THEY had hoped to get enough supplies to fill one truck but thanks to the huge outpouring of support for the people of Ukraine from Limerick, the second of two articulated trucks left carrying supplies this week.
Mayor Daniel Butler moved to get the local authority, Limerick Twenty Thirty and the University of Limerick on board after a heartfelt appeal from a Polish woman living in the city.
The ‘Help for Ukraine’ programme was initiated after Anna Mazeika, who has been living in Limerick for 17 years and is a representative of NGO ‘Pokolenie,’ contacted the Mayor asking for his support for her campaign to send medical supplies from Limerick to hospitals in Ukraine.
The former Cleeves factory was made available as a site where people could drop off donated supplies.
“There was an incredible response. I went down there on Friday, the last night for collecting donations and it was hectic with about 40 volunteers packing up supplies ready for the truck to go,” Mayor Butler told the Limerick Post.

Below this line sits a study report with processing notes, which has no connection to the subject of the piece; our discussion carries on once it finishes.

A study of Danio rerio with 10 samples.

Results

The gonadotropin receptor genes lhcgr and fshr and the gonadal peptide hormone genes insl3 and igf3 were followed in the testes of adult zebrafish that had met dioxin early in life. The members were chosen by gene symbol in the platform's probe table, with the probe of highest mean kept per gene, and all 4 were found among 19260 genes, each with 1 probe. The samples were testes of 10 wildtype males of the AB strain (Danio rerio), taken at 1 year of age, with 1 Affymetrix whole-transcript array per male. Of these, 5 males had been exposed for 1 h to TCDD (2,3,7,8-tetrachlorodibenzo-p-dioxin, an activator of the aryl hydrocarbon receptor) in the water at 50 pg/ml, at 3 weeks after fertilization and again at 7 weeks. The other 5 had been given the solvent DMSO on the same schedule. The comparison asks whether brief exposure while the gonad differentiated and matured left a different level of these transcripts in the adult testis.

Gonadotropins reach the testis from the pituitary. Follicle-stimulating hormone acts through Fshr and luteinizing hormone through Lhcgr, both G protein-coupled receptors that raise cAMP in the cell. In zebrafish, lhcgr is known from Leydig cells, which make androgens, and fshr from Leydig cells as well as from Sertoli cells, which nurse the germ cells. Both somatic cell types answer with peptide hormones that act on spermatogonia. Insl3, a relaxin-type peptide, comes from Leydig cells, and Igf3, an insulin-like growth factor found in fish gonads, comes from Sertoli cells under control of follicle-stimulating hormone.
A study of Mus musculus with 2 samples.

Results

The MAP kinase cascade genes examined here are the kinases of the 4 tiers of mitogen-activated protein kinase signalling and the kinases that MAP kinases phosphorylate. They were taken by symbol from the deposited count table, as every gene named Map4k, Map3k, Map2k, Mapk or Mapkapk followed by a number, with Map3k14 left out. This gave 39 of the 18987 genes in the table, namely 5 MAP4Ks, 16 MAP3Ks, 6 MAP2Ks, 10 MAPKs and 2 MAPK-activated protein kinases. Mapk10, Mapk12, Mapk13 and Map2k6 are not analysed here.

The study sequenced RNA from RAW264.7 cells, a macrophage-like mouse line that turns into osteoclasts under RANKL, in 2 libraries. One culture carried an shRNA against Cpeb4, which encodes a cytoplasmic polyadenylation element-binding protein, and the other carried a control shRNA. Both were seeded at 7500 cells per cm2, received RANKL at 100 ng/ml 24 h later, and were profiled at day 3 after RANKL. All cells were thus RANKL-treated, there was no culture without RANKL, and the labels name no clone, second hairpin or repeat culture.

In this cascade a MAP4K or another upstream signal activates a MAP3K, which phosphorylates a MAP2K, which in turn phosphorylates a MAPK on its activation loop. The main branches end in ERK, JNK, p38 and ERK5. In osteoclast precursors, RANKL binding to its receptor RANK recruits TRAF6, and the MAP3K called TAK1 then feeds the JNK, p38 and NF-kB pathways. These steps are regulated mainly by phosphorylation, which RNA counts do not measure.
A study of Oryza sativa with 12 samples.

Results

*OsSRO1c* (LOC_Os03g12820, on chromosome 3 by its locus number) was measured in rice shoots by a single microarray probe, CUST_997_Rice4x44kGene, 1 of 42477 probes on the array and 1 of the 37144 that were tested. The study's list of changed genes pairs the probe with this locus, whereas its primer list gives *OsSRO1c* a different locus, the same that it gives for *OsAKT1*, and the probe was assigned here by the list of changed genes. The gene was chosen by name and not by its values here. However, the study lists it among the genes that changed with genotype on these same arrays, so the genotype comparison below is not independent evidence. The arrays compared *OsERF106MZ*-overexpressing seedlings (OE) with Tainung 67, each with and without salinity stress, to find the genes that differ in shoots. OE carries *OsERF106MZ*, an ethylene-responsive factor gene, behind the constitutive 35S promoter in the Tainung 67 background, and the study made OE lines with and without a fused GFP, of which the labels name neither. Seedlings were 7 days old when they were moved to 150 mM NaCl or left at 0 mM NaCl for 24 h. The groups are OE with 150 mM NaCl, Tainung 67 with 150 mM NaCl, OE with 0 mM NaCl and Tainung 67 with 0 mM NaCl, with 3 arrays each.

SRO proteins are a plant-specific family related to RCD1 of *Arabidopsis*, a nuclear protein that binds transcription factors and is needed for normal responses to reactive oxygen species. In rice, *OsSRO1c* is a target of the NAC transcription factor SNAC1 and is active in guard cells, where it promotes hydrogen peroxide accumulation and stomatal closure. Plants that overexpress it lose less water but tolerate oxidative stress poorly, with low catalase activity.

He said pharmacies and medical supply companies all over the city and county donated supplies or gave a huge discount “but it was the donations from the ordinary citizens that made the appeal such a success,” he said.
A first articulated truck, packed with medical supplies from floor to ceiling, left the city on Friday last, followed by another truck, filled with other necessary donated items.
“Huge credit goes to Anna and the other three Polish ladies who started the ball rolling on this,” the Mayor said.
Anna flew to Poland to meet the Limerick truck as it was handed over and then driven into the Ukraine by Michal, a Ukrainian driver, one of the very few willing to risk driving back into the country where medical supplies are urgently needed.